Engineering researchers at the University of Minnesota have developed a process for 3D printing of stretchable electronic sensory devices that could give robots the ability to feel their environment. The technique is also a major step forward in printing electronics on human skin and has implications for use with prosthetic limbs, said Michael McAlpine, PhD, a University of Minnesota (UMN) mechanical engineering associate professor and lead researcher on the study, which will be published in the next issue of Advanced Materials and is currently online.
“Putting this type of bionic skin on surgical robots would give surgeons the ability to actually feel during minimally invasive surgeries…instead of just using cameras like they do now. These sensors could also make it easier for other robots to walk and interact with their environment,” said McAlpine.
“While we haven’t printed on human skin yet, we were able to print on the curved surface of a model hand using our technique,” McAlpine said. “We also interfaced a printed device with the skin and were surprised that the device was so sensitive that it could detect your pulse in real time.”
McAlpine and his team made the sensing fabric with a 3D printer they built in the lab. The multifunctional printer has four nozzles to print the various specialized “inks” that make up the layers of the device—a base layer of silicone, top and bottom electrodes made of a conducting ink, a coil-shaped pressure sensor, and a sacrificial layer that holds the top layer in place while it sets. The supporting sacrificial layer is later washed away in the final manufacturing process. All of the layers of “inks” used in the flexible sensors can set at room temperature. These flexible 3D-printed sensors can stretch up to three times their original size.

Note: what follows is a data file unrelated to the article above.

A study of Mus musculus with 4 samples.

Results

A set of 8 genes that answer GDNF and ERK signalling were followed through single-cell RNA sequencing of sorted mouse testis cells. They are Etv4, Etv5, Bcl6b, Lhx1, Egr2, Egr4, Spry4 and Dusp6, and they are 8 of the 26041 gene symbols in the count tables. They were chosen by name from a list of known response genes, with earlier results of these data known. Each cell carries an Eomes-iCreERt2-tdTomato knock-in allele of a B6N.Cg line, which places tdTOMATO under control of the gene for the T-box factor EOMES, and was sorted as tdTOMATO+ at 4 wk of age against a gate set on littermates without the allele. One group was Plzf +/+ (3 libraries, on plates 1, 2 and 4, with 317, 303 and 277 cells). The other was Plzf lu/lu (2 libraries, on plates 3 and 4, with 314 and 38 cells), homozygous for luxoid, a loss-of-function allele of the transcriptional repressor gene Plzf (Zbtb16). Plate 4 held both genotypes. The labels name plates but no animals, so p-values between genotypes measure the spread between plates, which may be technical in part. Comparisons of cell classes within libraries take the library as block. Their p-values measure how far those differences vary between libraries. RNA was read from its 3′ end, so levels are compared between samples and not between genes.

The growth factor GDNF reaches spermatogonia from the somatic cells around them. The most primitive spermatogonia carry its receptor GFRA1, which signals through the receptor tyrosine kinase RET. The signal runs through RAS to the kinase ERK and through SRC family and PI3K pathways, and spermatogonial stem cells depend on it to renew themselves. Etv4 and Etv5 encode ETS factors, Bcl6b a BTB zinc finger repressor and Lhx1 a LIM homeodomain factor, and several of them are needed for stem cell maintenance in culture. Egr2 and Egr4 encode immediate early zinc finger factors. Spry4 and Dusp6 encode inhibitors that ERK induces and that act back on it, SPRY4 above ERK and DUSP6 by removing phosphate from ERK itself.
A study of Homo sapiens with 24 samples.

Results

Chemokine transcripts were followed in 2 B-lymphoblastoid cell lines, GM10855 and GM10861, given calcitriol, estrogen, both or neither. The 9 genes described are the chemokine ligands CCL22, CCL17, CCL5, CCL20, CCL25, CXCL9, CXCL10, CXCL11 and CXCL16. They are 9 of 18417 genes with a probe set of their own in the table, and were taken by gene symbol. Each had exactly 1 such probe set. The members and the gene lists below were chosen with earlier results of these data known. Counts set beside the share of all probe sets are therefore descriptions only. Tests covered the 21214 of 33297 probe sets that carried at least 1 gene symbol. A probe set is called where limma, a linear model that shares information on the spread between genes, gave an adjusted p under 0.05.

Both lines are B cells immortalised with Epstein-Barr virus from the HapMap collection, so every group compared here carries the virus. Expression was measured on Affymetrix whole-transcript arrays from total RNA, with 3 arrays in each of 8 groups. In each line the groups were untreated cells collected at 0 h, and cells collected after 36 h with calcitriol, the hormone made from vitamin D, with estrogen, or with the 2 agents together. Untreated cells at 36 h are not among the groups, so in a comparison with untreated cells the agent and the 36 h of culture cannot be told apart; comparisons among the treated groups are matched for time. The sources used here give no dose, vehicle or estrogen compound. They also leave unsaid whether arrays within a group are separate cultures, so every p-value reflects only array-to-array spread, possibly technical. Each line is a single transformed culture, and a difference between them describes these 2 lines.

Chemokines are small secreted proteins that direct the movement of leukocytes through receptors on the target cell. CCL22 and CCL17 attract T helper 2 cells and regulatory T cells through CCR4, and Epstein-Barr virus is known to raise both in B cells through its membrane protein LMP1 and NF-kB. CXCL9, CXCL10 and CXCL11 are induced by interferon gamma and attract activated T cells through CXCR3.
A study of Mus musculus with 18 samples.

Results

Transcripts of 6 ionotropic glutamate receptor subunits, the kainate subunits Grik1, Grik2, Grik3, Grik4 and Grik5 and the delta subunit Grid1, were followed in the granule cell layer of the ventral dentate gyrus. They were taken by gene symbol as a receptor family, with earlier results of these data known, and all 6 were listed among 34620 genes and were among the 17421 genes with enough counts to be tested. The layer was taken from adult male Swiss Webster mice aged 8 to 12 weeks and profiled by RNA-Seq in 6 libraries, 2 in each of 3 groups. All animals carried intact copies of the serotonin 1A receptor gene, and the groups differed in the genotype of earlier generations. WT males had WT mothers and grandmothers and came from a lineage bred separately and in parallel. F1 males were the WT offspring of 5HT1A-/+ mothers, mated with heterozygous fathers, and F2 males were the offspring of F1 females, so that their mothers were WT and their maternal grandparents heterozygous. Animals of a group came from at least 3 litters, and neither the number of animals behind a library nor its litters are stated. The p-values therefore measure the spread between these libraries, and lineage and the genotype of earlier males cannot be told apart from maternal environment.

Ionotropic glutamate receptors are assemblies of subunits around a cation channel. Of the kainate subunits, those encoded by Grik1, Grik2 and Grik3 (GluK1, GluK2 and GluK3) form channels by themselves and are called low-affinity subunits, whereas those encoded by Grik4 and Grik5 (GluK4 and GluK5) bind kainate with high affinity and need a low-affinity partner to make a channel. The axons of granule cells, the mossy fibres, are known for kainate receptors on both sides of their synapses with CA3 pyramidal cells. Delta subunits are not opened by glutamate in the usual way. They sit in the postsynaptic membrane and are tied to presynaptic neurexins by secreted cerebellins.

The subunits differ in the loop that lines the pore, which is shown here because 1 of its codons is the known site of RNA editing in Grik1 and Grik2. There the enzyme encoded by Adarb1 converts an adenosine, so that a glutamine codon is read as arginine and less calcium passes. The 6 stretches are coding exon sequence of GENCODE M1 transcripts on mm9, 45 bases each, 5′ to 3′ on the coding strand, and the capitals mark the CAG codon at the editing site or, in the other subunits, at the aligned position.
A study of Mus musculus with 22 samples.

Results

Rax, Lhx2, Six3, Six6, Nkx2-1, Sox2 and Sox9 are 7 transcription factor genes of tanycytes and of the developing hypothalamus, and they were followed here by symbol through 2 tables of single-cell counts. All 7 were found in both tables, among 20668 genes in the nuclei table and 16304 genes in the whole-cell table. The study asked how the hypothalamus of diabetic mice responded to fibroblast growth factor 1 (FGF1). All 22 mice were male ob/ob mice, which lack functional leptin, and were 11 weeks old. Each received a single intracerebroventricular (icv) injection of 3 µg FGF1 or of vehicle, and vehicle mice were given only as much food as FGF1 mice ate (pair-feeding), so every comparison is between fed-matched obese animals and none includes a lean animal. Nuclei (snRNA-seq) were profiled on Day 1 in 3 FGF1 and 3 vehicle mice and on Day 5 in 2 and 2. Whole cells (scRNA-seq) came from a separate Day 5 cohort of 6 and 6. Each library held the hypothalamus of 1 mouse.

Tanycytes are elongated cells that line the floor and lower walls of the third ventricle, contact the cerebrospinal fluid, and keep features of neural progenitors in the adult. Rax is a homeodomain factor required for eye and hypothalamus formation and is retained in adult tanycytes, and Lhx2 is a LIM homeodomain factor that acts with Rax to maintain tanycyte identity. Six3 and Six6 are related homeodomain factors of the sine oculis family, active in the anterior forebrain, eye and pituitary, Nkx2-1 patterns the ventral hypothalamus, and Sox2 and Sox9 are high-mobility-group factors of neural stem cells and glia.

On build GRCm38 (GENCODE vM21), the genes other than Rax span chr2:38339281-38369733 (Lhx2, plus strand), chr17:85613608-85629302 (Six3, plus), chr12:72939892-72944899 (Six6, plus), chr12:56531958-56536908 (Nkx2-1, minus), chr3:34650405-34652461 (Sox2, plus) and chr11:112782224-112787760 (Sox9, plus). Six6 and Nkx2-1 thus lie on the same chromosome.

“This is a completely new way to approach 3D printing of electronics,” McAlpine said. “We have a multifunctional printer that can print several layers to make these flexible sensory devices. This could take us into so many directions from health monitoring to energy harvesting to chemical sensing.”
Researchers say the best part of the discovery is that the manufacturing is built into the process. Their next step is to move toward semiconductor inks and printing on a human body.
Editor’s note: This story was adapted from materials provided by UMN.
A screenshot of video showing 3D printing of the stretchable electronic sensory device.Image courtesy of McAlpine and Shuang-Zhuang Guo, UMN.